Okay, so you want to know how to write an essay? Well, here’s how to get started: first you have to have a thesis. A nice, simple thesis. Then, of course, you have to have elaboration on this thesis, also known as the main ideas, and these will be your main body paragraphs. Then you have your conclusion.
Technically, a thesis is your main topic written in sentence form. Of course, it’s always a good idea to lead all of your paragraphs with a leader sentence, sort of like a bit of bait to grab your reader’s attention, like I’ve done here. The first thing you always do, though, is write or compose your thesis statement, also known as the topic sentence. The thesis is composed of your central topic, and your main ideas. Of course, you should also add a few more sentences to flesh out your first paragraph, or you could split the thesis into more then one sentence.
Moving on, the next thing is your main ideas. Logically, they should go in order of the thesis, but they should also be arranged logically. For instance, if you were writing an essay on FullMetal Alchemist, you would introduce the main character, Edward, before you introduced a side character, say, Roy. Of course, you also want to have at least two sentences of elaboration, and an example or two. Ideally, you would have elaboration and examples, as well as something to back up your point, but fit as much as you can.
And, lastly, we come to your conclusion. The conclusion is one of the most dejected, rejected, and kicked around paragraphs in the essay. I have read many essays that are fairly good, only to be thrown off by a bad conclusion. The first thing to remember is your tag sentence; even a conclusion needs one of these. Of course, the next thing to remember is to restate your thesis. Note: restate, not repeat. You should say your thesis in different words. Don’t carbon copy it. Lastly, we come to the concluding part of the conclusion. Some teachers have mentioned this, and others haven’t, but I thought I’d throw it in. The concluding part of the conclusion is a sentence or phrase that brings a sense of conclusion to your essay–such as telling what you learned from a certain experience, or giving your opinion. Of course, different conclusions fit different styles, and I would consult my teacher or instructor for more information on this.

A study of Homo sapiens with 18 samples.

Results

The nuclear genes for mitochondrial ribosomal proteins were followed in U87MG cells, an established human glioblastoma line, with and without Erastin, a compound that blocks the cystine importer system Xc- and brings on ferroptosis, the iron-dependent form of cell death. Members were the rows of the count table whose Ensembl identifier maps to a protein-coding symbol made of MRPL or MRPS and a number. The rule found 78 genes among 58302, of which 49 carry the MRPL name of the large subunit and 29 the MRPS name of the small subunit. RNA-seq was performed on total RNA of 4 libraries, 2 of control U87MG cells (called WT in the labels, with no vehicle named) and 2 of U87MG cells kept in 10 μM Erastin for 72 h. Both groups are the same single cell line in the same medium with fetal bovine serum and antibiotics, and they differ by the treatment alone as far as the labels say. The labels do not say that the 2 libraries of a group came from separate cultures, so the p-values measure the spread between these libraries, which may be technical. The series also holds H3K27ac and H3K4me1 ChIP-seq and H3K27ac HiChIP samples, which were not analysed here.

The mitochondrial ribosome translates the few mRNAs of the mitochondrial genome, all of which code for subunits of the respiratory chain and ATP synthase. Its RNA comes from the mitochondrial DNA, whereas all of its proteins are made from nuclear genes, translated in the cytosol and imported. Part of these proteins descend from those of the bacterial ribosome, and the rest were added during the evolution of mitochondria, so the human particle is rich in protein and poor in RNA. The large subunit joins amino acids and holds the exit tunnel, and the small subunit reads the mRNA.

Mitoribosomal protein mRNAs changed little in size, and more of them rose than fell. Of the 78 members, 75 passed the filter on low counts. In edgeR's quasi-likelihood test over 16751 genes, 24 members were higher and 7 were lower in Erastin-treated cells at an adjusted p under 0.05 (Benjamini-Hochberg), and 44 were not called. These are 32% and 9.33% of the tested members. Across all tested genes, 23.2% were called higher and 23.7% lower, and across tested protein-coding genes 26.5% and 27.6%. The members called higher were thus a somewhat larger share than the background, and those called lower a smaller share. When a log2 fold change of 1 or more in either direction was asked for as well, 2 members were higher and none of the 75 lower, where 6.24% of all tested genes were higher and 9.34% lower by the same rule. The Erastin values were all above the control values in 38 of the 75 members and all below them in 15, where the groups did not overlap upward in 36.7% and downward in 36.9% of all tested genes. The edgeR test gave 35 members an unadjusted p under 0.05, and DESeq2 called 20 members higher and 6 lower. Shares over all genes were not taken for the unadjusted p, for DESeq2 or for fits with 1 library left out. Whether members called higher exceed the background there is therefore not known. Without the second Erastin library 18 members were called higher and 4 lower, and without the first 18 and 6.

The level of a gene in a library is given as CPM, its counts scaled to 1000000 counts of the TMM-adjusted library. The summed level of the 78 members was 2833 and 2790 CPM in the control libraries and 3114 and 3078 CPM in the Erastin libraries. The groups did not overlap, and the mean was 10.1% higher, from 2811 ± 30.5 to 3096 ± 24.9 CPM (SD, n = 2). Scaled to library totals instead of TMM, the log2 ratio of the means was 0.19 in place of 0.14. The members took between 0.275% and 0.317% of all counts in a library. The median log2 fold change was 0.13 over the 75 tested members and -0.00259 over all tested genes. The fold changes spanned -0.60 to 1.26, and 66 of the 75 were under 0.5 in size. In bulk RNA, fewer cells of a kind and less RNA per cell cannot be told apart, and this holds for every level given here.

Well, all in all, this is a good bit of information. Thesis, main ideas, and conclusions all add up to one big, happy essay!! Of course, don’t forget to add details and elaborate, and, of course, never lose your author’s voice! You can always have one, even though all you’re writing is an essay! Have fun!!
Me: ^.^ *dances, throwing petals, glitter, and confetti everywhere.* I’m so happy~!
Crosshairs: -.-;; what the heck are you doing?
Me: Dancing~! Because I’m happy!!
Crosshairs: I can see that.
Me: *giggles, then faces screen* Anyways, minna-san, thank you for reading, and review if you will!!
Note: These are just random tips that I couldn’t work into the essay:
1. Never, ever, EVER start your sentences with a conjunction. These include, but are not limited to, “and,” “but,” and, “or.” I know I did it a few times, but that’s entirely not the point. NEVER, EVER do it!! *smile* K?
2. Try to keep from getting off track. This distracts you from your topic, and doesn’t win you any points from whoever you’re writing the essay for. In fact, it hurts you.